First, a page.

29.03. – Happy Birthday !!! Michael Brecker was born in Philadelphia, Pennsylvania and exposed to jazz at an early age by his father, an amateur jazz pianist. Among the generation of jazz musicians that saw rock music not as the enemy but as a viable musical option, Brecker began studying clarinet, then moved to alto saxophone in school, eventually settling on the tenor saxophone as his primary instrument.

After only a year at Indiana University, Michael Brecker moved to New York City in 1970 where he carved out a niche for himself as a dynamic and exciting jazz soloist. He first made his mark at age 21 as a member of the jazz/rock band Dreams—a band that included his older brother Randy, trombonist Barry Rogers, drummer Billy Cobham, Jeff Kent and Doug Lubahn. Dreams was short-lived, lasting only a year, but influential (Miles Davis was seen at some gigs prior to his recording “Jack Johnson”).

Most of Brecker’s early work is marked by an approach informed as much by rock guitar as by R&B saxophone. After Dreams, he worked with Horace Silver and then Billy Cobham before once again teaming up with his Brother Randy to form the Brecker Brothers Band, which played fusion that was equal parts bar band, Monk, and Sly Stone. The band followed the trail blazed by Miles Davis’s 1970s bands and Weather Report, but with more attention to structured arrangements, a heavier backbeat, and a stronger rock influence. The band stayed together from 1975-1982 with consistent success and musicality.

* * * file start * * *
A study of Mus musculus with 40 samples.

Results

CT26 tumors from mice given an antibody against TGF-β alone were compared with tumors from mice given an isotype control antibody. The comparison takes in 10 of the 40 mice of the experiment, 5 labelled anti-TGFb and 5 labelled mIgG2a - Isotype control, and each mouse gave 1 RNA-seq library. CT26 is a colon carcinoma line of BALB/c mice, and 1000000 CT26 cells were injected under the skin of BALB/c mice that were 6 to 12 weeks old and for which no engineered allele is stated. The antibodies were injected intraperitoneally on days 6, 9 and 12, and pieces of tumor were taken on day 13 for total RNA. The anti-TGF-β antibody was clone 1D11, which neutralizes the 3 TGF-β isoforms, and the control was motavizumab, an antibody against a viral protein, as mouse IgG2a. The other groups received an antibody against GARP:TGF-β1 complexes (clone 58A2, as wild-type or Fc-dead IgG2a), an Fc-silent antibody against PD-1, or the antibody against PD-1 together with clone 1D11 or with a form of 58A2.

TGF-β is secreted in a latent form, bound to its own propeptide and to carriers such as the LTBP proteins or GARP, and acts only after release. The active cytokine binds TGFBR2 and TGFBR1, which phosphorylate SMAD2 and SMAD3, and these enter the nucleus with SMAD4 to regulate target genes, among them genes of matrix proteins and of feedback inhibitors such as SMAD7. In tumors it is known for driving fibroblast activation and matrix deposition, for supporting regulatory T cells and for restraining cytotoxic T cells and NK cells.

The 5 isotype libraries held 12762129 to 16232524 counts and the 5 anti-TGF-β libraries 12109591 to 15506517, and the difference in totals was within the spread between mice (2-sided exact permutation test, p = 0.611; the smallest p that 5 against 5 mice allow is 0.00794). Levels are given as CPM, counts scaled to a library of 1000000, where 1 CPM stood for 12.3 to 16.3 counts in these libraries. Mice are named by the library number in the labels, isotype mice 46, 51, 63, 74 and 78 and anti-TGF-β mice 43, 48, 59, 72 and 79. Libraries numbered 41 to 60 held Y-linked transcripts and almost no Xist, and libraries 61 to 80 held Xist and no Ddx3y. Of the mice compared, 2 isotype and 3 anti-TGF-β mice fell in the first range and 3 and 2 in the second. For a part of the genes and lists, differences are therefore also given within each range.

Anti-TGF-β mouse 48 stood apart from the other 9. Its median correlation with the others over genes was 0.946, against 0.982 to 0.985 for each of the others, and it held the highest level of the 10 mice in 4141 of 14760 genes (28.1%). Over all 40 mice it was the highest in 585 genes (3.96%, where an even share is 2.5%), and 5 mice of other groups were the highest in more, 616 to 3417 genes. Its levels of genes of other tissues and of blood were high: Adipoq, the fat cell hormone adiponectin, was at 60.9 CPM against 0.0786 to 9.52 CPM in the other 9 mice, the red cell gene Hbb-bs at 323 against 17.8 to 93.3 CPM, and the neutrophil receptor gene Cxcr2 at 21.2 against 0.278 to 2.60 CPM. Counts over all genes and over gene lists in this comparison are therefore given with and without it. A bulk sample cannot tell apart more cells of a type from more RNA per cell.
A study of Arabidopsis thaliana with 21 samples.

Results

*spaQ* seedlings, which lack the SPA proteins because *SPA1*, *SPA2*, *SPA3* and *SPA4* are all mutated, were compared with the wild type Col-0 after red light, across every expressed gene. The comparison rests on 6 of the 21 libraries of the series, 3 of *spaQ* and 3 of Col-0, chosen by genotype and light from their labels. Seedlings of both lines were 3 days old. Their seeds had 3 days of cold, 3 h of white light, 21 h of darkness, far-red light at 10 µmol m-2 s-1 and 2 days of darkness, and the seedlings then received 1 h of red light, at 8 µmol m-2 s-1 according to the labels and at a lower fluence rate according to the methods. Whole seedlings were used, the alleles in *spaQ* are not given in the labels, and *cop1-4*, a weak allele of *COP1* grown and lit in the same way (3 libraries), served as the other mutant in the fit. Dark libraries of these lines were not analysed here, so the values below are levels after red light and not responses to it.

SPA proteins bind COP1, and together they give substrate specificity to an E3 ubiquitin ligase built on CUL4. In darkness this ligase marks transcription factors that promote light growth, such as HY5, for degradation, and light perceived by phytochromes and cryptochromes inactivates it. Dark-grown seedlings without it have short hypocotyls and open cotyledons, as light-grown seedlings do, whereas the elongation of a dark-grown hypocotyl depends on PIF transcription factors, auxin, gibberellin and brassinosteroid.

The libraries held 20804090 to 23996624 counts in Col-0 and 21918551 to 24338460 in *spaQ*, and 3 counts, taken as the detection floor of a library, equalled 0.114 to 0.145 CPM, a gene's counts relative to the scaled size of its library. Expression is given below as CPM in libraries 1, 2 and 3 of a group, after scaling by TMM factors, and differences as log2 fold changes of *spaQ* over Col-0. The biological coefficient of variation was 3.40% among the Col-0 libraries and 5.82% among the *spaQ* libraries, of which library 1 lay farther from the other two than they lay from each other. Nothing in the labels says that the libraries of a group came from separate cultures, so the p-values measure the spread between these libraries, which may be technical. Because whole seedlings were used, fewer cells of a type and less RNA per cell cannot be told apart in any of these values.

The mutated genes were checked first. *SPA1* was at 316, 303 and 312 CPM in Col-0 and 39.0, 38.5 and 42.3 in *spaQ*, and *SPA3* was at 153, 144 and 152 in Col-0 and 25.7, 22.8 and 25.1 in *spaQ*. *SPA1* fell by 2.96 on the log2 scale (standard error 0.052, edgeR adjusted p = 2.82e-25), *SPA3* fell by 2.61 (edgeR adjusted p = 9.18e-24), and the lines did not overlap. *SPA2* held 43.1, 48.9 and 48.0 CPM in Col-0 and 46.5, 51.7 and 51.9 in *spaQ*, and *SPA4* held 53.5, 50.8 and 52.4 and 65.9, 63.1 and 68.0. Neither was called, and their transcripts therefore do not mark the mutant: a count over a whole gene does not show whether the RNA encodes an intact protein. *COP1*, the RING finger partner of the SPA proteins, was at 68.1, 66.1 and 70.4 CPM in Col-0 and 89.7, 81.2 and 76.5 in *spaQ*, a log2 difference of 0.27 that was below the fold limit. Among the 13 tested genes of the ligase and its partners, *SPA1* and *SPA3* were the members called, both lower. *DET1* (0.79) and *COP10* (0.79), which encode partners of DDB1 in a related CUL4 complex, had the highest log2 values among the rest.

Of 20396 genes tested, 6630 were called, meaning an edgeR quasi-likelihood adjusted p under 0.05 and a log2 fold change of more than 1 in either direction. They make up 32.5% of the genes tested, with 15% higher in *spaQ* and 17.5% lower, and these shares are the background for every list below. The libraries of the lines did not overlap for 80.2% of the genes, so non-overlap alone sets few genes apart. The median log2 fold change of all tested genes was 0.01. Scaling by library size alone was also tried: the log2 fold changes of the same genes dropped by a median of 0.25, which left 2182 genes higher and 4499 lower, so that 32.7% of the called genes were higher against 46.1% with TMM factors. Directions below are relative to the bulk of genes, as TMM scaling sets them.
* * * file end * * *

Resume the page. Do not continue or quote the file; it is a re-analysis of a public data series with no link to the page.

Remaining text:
At the same time, Brecker put his stamp on numerous pop and rock recordings as a soloist. His more notable collaborations include those with James Taylor, Paul Simon, Steely Dan, Donald Fagen and Joni Mitchell. During the early 80s he was also a member of NBC’s Saturday Night Live band. Brecker can be seen in the background sporting shades during Eddie Murphy’s James Brown parody, Get In The Hot Tub. He also played sax briefly on Frank Zappa’s live album Zappa in New York.

After a stint co-leading the all-star group Steps Ahead with Mike Mainieri, Brecker finally recorded a solo album in 1987. That eponymously titled debut album marked his return to a more traditional jazz setting, highlighting his compositional talents and featuring the EWI (Electronic Wind Instrument), which Brecker had previously played with Steps Ahead. He continued to record albums as a leader throughout the 1990s and 2000s, winning multiple Grammy Awards, and his solo and group tours consistently have sold out top jazz venues in major cities worldwide.

He favored his Selmer Mark VI tenor saxophone and a highly-customized Dave Guardala mouthpiece.

Michael Brecker had been diagnosed with the blood disorder myelodysplastic syndrome (MDS). Despite a widely-publicized worldwide search, Brecker was unable to find a matching stem cell donor. In late 2005, he was the recipient of an experimental partial matching stem cell transplant. As of late 2006 he was recovering, but it proved not to be a cure for him. Brecker made his return to public performance in June 2006, playing with Herbie Hancock at Carnegie Hall. His first recording after his illness is bassist Chris Minh Doky’s album The Nomad Diaries, released November 2006.

On January 13, 2007, Michael Brecker died from complications of leukemia in New York City.